TENS: Does It Work?
If you are someone who suffers from chronic pain--whether it is back pain, fibromyalgia, arthritis, sciatica, headaches, shoulder, elbow, or knee pain--you are probably not only tired of the pain, but also tired of being dependent on painkilling drugs just to feel like you can make it through the day. If you are looking for alternatives for pain relief, you might consider incorporating a TENS unit into your pain relief program.
TENS stands for Transcutaneous Electrical Nerve Stimulation. A TENS unit is a small device designed for the application of electrical current through the skin for pain relief. Electrodes are placed on the skin, either directly over the painful area or more commonly, at key points along the nerve pathway. The device is adjustable to how fast, how frequent, and how many electric impulses are transmitted, and the pain relief can last from hours to days.
How TENS relieves pain is debated. The sensation produced by the electrical stimulation appears to "override" the pain messages and may stimulate the body to produce endorphins, its own natural morphine-like substance, which minimizes pain.
Whether the electric current aborts pain messages, causes the body to produce pain-relieving chemicals of its own, or if TENS merely has a placebo effect, it relieves pain for a number of people who try it.
While TENS works for many people, it's important to point out that the treatment doesn't work for everyone. For some pain sufferers, TENS doesn't completely relieve their pain, but it reduces their pain level and the amount of pain medication they need.
Is TENS Right for You?
- The first step to take is to talk to your doctor about using TENS for your pain relief. Ask about how it can best be integrated into your pain relief program.
- Next, ask your doctor for a recommendation on what kind of TENS you should purchase. The cost of a TENS unit ranges from under 100 dollars to several hundred dollars. The most expensive ones offer a large number of different modes, and the most basic units only have one mode. Get your doctor's opinion on which is best suited to your condition.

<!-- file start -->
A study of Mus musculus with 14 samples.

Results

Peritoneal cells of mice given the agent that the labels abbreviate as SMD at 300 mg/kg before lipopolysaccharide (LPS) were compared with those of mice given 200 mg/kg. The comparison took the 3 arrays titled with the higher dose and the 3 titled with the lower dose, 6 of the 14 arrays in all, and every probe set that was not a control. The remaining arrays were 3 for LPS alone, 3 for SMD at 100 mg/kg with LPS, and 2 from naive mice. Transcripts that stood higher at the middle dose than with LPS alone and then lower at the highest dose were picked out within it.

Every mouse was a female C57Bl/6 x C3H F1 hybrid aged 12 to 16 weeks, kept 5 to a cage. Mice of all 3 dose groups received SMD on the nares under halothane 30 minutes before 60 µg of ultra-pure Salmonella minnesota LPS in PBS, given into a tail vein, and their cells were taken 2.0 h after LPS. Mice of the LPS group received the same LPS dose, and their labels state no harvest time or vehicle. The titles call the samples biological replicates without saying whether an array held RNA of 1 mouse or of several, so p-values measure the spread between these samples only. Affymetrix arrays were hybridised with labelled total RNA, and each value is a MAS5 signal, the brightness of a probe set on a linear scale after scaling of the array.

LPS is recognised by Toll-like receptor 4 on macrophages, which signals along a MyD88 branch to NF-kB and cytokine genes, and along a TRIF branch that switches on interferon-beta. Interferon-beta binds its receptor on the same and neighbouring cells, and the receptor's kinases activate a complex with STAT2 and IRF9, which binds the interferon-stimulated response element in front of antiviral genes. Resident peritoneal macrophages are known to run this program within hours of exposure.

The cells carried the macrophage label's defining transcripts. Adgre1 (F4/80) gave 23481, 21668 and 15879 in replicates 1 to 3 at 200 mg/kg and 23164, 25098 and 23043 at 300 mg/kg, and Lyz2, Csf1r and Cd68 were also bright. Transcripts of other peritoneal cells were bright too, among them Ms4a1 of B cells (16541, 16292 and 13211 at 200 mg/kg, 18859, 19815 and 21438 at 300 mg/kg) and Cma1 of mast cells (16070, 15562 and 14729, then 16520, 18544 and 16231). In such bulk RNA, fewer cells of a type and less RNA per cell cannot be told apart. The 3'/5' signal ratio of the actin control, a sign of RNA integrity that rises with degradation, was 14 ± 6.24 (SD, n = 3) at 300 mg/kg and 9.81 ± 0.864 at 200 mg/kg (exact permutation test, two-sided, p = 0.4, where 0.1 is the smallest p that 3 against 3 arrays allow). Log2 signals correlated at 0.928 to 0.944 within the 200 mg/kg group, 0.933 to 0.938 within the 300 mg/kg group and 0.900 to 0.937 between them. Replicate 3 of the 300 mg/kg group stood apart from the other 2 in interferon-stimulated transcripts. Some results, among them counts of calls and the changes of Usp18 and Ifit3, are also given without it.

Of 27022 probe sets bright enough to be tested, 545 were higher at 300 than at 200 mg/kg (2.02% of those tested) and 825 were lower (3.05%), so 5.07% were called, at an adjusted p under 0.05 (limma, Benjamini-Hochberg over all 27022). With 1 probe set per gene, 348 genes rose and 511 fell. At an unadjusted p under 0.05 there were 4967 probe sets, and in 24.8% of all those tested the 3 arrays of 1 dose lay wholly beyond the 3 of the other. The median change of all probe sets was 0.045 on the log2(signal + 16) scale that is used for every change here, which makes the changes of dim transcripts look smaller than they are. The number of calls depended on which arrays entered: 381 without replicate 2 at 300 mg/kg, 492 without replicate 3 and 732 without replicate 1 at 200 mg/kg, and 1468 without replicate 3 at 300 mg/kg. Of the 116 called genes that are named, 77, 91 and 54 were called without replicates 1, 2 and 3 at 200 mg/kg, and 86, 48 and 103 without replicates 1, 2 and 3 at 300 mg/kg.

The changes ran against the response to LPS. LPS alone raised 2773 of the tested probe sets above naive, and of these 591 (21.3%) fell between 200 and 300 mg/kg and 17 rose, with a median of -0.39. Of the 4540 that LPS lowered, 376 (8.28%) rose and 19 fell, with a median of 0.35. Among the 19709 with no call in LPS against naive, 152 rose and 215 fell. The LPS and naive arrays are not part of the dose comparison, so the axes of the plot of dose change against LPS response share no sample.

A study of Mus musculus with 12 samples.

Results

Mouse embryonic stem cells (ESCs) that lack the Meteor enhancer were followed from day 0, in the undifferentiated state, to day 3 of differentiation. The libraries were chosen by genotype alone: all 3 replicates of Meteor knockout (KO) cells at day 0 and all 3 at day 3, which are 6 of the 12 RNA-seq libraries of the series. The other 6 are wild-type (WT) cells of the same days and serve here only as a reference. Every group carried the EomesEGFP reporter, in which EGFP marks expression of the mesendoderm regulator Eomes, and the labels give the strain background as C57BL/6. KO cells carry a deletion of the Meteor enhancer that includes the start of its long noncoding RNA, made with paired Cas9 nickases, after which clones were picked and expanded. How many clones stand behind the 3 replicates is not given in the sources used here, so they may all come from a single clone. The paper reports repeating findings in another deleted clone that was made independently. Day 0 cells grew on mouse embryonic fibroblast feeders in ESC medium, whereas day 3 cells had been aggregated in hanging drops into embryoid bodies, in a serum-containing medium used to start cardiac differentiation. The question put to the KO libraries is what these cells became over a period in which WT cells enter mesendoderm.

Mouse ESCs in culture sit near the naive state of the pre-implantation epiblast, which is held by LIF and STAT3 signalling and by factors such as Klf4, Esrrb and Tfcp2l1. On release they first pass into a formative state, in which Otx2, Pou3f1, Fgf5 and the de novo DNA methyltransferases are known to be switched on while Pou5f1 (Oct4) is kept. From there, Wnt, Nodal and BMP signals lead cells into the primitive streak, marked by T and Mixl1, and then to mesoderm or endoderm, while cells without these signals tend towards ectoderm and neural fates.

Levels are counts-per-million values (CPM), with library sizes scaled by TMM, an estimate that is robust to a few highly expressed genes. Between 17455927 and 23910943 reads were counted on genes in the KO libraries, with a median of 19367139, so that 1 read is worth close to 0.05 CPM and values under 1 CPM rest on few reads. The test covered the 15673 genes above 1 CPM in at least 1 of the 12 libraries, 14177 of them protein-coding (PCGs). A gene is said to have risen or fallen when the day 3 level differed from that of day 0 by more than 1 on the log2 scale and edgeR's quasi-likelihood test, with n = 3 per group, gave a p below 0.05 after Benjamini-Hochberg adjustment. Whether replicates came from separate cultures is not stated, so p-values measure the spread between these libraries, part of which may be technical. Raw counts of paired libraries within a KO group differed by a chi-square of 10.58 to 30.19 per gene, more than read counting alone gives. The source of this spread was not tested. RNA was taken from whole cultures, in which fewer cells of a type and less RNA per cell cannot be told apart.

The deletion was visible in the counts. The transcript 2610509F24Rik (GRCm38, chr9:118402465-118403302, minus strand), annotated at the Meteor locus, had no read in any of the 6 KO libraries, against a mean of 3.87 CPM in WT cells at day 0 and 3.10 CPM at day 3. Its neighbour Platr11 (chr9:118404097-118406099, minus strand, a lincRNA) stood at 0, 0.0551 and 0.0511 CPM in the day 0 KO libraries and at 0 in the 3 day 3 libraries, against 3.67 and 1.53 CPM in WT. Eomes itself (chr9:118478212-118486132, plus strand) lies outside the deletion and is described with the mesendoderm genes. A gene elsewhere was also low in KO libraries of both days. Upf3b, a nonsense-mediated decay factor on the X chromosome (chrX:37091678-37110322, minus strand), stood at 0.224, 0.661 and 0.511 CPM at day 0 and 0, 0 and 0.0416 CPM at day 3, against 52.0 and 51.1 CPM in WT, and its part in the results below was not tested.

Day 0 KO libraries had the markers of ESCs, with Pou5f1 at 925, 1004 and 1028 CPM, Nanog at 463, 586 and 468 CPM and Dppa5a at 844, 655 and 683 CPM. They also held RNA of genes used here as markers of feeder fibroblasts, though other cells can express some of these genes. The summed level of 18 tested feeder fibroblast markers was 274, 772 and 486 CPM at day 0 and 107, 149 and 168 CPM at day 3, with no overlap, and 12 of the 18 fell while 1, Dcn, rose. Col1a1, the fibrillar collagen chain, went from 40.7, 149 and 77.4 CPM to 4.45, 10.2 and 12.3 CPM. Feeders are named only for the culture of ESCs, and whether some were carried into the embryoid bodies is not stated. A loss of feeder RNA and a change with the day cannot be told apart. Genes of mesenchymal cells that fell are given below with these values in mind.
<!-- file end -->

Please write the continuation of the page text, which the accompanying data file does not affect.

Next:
- Then, get instruction from your doctor about the proper placement of electrodes, the control settings, and the length of time you should use TENS for your particular situation.
- Finally, try it! TENS is non-addictive, causes no drowsiness, and can be used indefinitely without the problems associated with prolonged drug use. It may be just the thing that gives you the relief that you seek.
Chang-Miller, A. TENS therapy: An option for fibromyalgia treatment? MayoClinic.com. http://www.mayoclinic.com/health/tens/AN01946. Accessed 16 Mar. 2010.
Mayo Clinic Staff. Postherpetic Neuralgia. MayoClinic.com. http://www.mayoclinic.com/health/postherpetic-neuralgia/DS00277/DSECTION=treatments-and-drugs. 16 Mar. 2010.
St. John, B. Alternative for Chronic Pain Sufferers - the TENS unit. http://www.associatedcontent.com/article/358594/alternative_for_chronic_pain_sufferers.html?cat=5. 16 Mar. 2010.
"TENS Therapy." Health Encyclopedia - Diseases and Conditions. USA Today. http://www.healthscout.com/ency/68/240/main.html. 16 Mar. 2010.
Transcutaneous electrical nerve stimulation (TENS) . MayoClinic.com. http://www.mayoclinic.com/health/medical/IM02415. 16 Mar. 2010.